Dodging dodgy websites

Not too long ago, (some) businesses tried to limit websites that people could visit during working hours. They blocked social sites and Trademe and so forth. The logic was that people should be working, not surfing the net. Luckily this seems to have faded – staff are trusted, albeit tracking the website activity of your teams might still be of interest.

We're more interested in keeping people safe


Today, the main concern isn’t usually restricting staff’s web access. It’s more about keeping people safe.

I had a reminder of this last night when my daughter came running in thinking she’d hit a virus while researching her university paper. (She hadn’t, she’d just stumbled on one of those fake messages and hit the panic button). She was right to do so, because there are heaps of websites that contain malware that will infect your machine. We can have the latest protection on your machine, but even then, it’s often one cycle behind the bad guys.

That’s why security is layered. More layers help us prevent risks.  I guess it’s like a modern car relies on all sorts to keep you safe, from autonomous breaking, to airbags, to collision warnings. This is the IT equivalent of taking all reasonable steps to keep you safe – not all web pages are what they seem to be!

How does it work?


Firstly, lets acknowledge that some websites are infected. Generally the websites you go to all the time are ok, but just occasionally they get infected by malware. Some sites are better protected than others. But you don’t have control of that – you can only control your own system. Likewise, some websites are set up by the hacker to catch you. Sometimes it’s as simple as being almost the same as a genuine site. A simple misspelling difference (and if your typing is like mine, sometimes you mistype a web address and that can take you where you didn’t expect!) Other times, they advertise their infected site with a compelling ‘click-bait’ message to tempt you to click on it.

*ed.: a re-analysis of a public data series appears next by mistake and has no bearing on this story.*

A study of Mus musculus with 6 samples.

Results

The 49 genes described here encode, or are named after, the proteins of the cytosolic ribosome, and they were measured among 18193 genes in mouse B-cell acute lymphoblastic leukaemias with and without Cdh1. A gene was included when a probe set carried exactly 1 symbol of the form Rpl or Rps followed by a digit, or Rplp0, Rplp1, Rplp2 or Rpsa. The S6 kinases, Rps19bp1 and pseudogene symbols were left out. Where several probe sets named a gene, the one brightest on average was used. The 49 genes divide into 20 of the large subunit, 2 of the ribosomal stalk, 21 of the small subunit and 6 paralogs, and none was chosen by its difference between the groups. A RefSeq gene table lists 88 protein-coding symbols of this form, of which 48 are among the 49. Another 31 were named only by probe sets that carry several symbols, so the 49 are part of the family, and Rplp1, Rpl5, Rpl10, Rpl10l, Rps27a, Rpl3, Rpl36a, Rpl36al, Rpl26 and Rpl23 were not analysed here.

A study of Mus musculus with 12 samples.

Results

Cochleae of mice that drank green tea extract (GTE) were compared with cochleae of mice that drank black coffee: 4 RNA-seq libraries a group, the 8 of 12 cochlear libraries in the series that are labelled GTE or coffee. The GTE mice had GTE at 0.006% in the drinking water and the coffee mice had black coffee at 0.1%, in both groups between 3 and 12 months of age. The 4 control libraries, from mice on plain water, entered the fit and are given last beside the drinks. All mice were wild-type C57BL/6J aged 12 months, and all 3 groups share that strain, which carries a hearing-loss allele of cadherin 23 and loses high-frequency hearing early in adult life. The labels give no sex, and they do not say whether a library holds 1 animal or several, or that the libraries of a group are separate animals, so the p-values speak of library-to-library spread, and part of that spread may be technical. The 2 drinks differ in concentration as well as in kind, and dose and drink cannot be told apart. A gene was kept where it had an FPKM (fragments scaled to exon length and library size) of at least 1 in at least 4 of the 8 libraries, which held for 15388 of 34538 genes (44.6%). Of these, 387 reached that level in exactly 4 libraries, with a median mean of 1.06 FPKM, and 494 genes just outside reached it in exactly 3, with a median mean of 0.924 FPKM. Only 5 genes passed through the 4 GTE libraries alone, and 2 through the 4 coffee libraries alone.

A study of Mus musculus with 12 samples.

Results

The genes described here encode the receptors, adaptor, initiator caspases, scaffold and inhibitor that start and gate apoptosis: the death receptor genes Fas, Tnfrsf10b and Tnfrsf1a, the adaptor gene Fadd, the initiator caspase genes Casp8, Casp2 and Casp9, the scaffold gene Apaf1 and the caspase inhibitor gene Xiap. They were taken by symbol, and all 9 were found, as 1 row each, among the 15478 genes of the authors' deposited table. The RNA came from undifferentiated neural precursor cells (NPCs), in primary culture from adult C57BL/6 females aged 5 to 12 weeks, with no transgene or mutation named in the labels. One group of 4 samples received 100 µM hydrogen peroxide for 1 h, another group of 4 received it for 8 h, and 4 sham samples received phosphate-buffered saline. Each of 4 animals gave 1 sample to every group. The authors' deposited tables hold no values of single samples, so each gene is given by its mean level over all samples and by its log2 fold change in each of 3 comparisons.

There were some appalling behaviours seen during the Covid19 outbreak, with genuine sites being copied, and the copies infected with malware and promoted,  There were legitimate commercial sites being copied, and accepting orders for PPE product that was never going to be delivered – the Interpol fraud site makes for some bleak reading.

You and your colleagues need some kind of check to stop you stumbling on these sites. We’re using a tool that scans the internet, using machine learning to assess and test the IP address that your users are browsing to. If the site comes up as risky, the user gets a warning. You can set up categories to block, like the obvious pornography or gambling sites. The tools are very clever at detecting sites based on the content they observe .  They then apply filters in a much more responsive and immediate manner than used to be possible.

Rather than the DNS being supplied by your ISP’s server, the DNS is now operated at our trusted security partner. That means it is actively managed, and it works just as well for people that are out of your office as it does for people that are in the office. Things have changed, so we can use the cloud to keep you safer than we ever used to be able to.

KARE for Security complements your existing maintenance contract with an enhanced security package, designed for the modern cloud-anywhere world. It’s a mixture of tools that go beyond traditional IT support to help you harden your ICT against intruders.

What more can you do?   Cert NZ is the NZ Government Cyber Security unit – it’s worth reading their top recommendations – https://www.cert.govt.nz/it-specialists/critical-controls/ – you’ll see that a Kinetics KARE plan helps you minimise your risk

 

Want to know more about how Kare for Security can enhance your protection?